This article looks at some relevant cases over the last few years to assist practitioners with the thorny problem of identifying the circumstances in which Article 2 may be engaged for a patient who is receiving care in the community. It is intended as a brief overview of the relevant decisions, seeking to draw out the key principles that can be applied to other cases.
In R (Lee) v HM Assistant Coroner for Sunderland  EWHC 3227, the mother of the deceased sought to challenge the Coroner’s decision that Article 2 was not engaged on the facts of the case. The deceased had been an outpatient under the care of the local NHS Trust’s mental health team, having been in and out of inpatient settings over a four-year period prior to her death. She died from a drug overdose the day after voluntarily discharging herself from A&E, having expressed a wish to be formally detained.
The claimant sought to establish arguable breaches of the operational and/or systemic duties so as to justify a finding that Article 2 was engaged. It was argued that the Trust owed an operational duty to the deceased, applying the Rabone criteria of (1) assumption of responsibility, (2) nature and extent of the deceased’s vulnerability, and (3) the nature of the risk. The High Court found the Coroner had only considered the question of the assumption of responsibility, which she had equated with control, and remitted the matter to the Coroner for her to consider further.
On the systemic-duty point, the claimant sought to criticise the care planning, arguing that this was evidence of a systemic failure. The Coroner relied on Powell v UK in asserting that because the Trust had made adequate provision for securing high professional standards among health professionals, individual errors of judgment in respect of care planning fell outside the scope of the systemic duty. This ground of appeal was dismissed, the High Court finding that there was no evidence of a Powell-based breach.
In R (Maguire) v HM Senior Coroner for Blackpool & Fylde  EWCA Civ 738 the question was whether the fact that the deceased was subject to DoLS at the time of their death and was living in a residential care home paid for and supervised by the Local Authority, was sufficient to bring the death within the remit of Article 2. Having reviewed the case law, the Court of Appeal took the view that the Article 2 obligation “is tailored to harms from which the authorities have a responsibility to protect those under its care”, essentially deciding that rather than categorise cases as ‘medical negligence’ or ‘Rabone’ type cases, each had to be decided on its facts.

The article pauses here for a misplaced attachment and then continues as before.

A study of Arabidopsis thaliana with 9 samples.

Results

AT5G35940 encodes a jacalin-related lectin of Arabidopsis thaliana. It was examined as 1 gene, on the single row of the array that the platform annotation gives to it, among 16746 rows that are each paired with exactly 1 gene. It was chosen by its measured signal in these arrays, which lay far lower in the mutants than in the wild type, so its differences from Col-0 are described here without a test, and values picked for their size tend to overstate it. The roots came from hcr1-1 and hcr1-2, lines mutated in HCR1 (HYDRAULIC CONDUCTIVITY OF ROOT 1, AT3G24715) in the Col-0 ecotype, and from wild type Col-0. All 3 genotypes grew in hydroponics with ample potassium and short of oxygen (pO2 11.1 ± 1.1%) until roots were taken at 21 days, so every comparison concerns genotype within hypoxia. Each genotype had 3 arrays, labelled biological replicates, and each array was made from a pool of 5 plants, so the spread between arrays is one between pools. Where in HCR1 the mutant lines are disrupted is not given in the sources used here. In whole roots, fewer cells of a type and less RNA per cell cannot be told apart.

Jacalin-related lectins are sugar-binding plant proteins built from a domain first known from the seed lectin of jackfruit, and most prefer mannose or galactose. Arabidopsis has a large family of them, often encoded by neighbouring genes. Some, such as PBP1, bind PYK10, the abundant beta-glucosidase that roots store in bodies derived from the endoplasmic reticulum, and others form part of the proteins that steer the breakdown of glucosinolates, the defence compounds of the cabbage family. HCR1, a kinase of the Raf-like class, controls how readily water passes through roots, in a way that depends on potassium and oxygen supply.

On the facts of this case, the death was not the result of squalid conditions in a care home, nor was the State aware (through regulatory inspections) of shortcomings giving rise to a risk of death. The circumstances of the deceased were not analogous with a detained psychiatric patient, and accordingly there were no grounds to justify a finding that Article 2 was engaged. The Court of Appeal found the facts of the case were similar to the decision of the Strasbourg Court in Dumpe v Latvia (App. No. 71506/13).
So far, so good. Rabone and Parkinson remain good law in terms of the distinction between Article 2 cases and ‘mere’ medical negligence cases, although Maguire suggests each case needs to be looked at on its facts, rather than adopting a binary approach.
Finally, in R (Morahan) v HM Assistant Coroner for West London  EWHC 1603 (Admin) the Divisional Court considered whether Article 2 was engaged in circumstances where the deceased had died from an overdose in the community, having been a voluntary in-patient at a psychiatric rehabilitation unit. Four cases were of particular relevance: Rabone, Lopes de Sousa Fernandes, Fernandes de Oliveira (all referred to in Maguire) and Maguire.
In developing the principles that had been outlined in Maguire, the three-strong Divisional Court found that whether or not there is an operational duty “is informed by whether the nature of the control is linked to the nature of the harm.”
Applying that to the facts of the case, the Court found that there was no operational duty under Article 2, as there was no history to suggest the deceased was a suicide risk, nor was there any history of accidental overdose. As the Court put it by analogy, “A psychiatric hospital owes no duty to protect a patient, whether voluntary or detained, from a risk of accidental death from a road traffic accident whilst on unescorted leave.”
All in all, fairly one-way traffic from the higher courts, which appear to be reluctant post-Rabone to continue to extend the categories of cases in which Article 2 is found to be engaged. For practitioners representing organisations where the deceased has died in the community these recent authorities, and particularly Morahan, provide helpful assistance in resisting a submission that Article 2 is engaged simply because a State-linked organisation had a role in the deceased’s care.